More than 1500 km north of Perth (and still 850 km south of Broome), the Dampier Archipelago is a maze of 42 islands off the coast of Dampier, within reach of small boats. Marlin, sailfish, Spanish mackerel, yellowfin, longtail and mackerel tuna, giant and golden trevally, and queenfish are all caught, while bottom species include coral trout, red emperor, scarlet sea perch, spangled emperor, black jewfish, norwest snapper and bluebone.
Former Olympian and world-record pole-vaulter Emma George and husband Ashley spent nearly three years at Karratha. When I spoke to Emma she told me the family fishing boats included a Haines Signature 702C, which she and her husband used for offshore fishing, and a 4.55 m Polycraft centre console for estuaries. ‘We were keeping with tradition in that there are more boats than people in Karratha,’ Emma said. ‘Most of our fishing was offshore, where we would sight-fish for GTs (giant trevally), casting poppers to schools or casting small lures to tuna schools. There are heaps of tuna – mackerel, yellowfin and longtail – and spinning for the tuna is great but the sharks are a problem. Some days we would troll and on others we would live bait for mackerel, catching yellowtail scad baits around the pilings in the harbour, and then putting the bait out under a balloon.’
Emma said she and Ashley often used to spin for mackerel with metal jigs and she had seen these broken in half by fish that were up to 30 kg.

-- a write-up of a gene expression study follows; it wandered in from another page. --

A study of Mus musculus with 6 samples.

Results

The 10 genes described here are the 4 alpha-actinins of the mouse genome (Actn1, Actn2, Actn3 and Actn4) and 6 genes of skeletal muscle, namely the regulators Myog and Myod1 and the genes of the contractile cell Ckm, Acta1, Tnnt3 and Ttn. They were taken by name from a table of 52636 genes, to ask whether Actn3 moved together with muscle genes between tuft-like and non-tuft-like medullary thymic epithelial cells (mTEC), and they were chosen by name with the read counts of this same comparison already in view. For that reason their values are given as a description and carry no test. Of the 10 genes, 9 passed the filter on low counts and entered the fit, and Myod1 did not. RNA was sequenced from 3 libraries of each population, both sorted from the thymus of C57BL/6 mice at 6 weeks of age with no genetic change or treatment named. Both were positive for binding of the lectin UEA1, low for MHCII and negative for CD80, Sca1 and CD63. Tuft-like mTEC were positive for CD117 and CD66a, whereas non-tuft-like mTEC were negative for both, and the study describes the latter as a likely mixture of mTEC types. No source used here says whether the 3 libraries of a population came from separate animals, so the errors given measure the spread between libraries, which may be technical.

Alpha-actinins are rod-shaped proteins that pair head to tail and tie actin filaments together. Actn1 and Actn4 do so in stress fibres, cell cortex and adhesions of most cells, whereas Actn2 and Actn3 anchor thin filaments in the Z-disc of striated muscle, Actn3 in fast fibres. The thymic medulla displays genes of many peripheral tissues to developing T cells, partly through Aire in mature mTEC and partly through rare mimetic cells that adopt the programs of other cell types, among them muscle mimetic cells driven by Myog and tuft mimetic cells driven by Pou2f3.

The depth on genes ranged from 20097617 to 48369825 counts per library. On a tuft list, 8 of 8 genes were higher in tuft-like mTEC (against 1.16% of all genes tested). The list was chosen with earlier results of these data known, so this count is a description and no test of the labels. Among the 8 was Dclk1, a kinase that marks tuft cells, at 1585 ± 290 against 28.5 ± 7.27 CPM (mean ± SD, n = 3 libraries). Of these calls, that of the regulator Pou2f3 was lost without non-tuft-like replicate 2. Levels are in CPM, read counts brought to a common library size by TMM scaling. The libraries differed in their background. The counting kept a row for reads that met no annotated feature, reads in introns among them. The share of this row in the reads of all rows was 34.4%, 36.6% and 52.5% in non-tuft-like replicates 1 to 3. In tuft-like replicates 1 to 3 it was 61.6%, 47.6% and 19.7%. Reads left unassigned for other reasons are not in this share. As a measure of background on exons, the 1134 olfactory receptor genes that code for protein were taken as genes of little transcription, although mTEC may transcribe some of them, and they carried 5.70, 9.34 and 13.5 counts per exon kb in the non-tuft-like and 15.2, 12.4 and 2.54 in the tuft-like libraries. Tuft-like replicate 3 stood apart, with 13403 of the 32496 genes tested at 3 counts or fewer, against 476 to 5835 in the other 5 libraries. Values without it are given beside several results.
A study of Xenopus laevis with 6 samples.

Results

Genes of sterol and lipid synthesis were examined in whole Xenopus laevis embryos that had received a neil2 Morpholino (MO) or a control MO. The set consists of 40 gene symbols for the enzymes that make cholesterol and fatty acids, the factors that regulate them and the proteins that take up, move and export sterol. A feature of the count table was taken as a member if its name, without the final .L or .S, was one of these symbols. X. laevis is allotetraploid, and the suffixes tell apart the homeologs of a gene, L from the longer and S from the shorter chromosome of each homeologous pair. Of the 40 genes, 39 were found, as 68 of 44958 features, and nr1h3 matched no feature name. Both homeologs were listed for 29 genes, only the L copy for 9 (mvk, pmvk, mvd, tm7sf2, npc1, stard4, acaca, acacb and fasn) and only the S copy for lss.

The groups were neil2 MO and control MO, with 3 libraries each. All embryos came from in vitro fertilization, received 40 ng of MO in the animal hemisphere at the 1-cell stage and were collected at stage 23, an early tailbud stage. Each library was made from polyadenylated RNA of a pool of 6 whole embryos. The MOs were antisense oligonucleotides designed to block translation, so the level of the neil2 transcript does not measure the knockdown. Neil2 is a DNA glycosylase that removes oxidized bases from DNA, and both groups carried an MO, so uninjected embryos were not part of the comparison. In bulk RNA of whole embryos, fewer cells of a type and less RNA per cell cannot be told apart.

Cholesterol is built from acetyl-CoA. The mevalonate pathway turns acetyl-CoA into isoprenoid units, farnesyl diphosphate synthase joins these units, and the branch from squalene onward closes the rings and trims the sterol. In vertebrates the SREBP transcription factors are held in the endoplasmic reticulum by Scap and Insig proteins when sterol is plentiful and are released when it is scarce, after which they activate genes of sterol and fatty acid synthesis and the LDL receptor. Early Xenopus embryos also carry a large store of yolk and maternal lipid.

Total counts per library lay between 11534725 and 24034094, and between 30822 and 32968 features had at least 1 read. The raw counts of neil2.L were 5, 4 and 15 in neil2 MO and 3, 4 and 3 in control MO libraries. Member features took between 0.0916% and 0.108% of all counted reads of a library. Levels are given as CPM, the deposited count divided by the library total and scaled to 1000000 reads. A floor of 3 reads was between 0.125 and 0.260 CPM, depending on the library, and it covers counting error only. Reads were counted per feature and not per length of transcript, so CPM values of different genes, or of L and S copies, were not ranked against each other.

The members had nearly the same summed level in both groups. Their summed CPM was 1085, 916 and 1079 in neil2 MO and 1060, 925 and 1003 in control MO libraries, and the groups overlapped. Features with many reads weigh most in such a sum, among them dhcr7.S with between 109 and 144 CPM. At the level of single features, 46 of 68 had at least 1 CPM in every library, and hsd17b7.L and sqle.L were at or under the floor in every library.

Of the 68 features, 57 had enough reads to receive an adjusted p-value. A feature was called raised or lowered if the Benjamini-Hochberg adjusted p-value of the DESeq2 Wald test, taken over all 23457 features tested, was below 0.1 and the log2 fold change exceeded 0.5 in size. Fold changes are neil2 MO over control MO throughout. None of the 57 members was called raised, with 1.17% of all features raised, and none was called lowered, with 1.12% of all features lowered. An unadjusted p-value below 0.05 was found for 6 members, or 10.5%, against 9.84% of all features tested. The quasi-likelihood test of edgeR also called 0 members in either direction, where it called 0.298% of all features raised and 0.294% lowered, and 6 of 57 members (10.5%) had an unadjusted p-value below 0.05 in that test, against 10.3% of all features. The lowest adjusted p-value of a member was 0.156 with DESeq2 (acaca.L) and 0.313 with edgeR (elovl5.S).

A four-lane boat ramp is available at Hampton Harbour in Dampier, with another ramp suitable for small to medium boats at Withnell Bay, north of Dampier on the Burrup Peninsula. There is a concrete ramp at Back Beach in Nickol Bay. Like many northern locations, the area endures extreme tides and there are many submerged rocks, so seek local knowledge before launching.
Most visitors stay at the adjoining town of Karratha where there are ample facilities. Fields Creek in Nickol Bay produces good catches of barramundi to a metre or so, threadfin salmon and trevally. The creeks fish well October–March and should be accessed on neap tides as they are shallow – a deep hole in these creeks is about 4 m. Sometimes it can be a matter of staying fishing until there is enough water to get out again. There is little structure in the creeks and trolling in about 1–2 m deep or live baiting with small mullet is the best method. South-west of Dampier, the Maitland River produces tarpon, barramundi and trevally, while farther down the coast near James Point is the Fortescue River, which produces black jewfish, barramundi and threadfin salmon.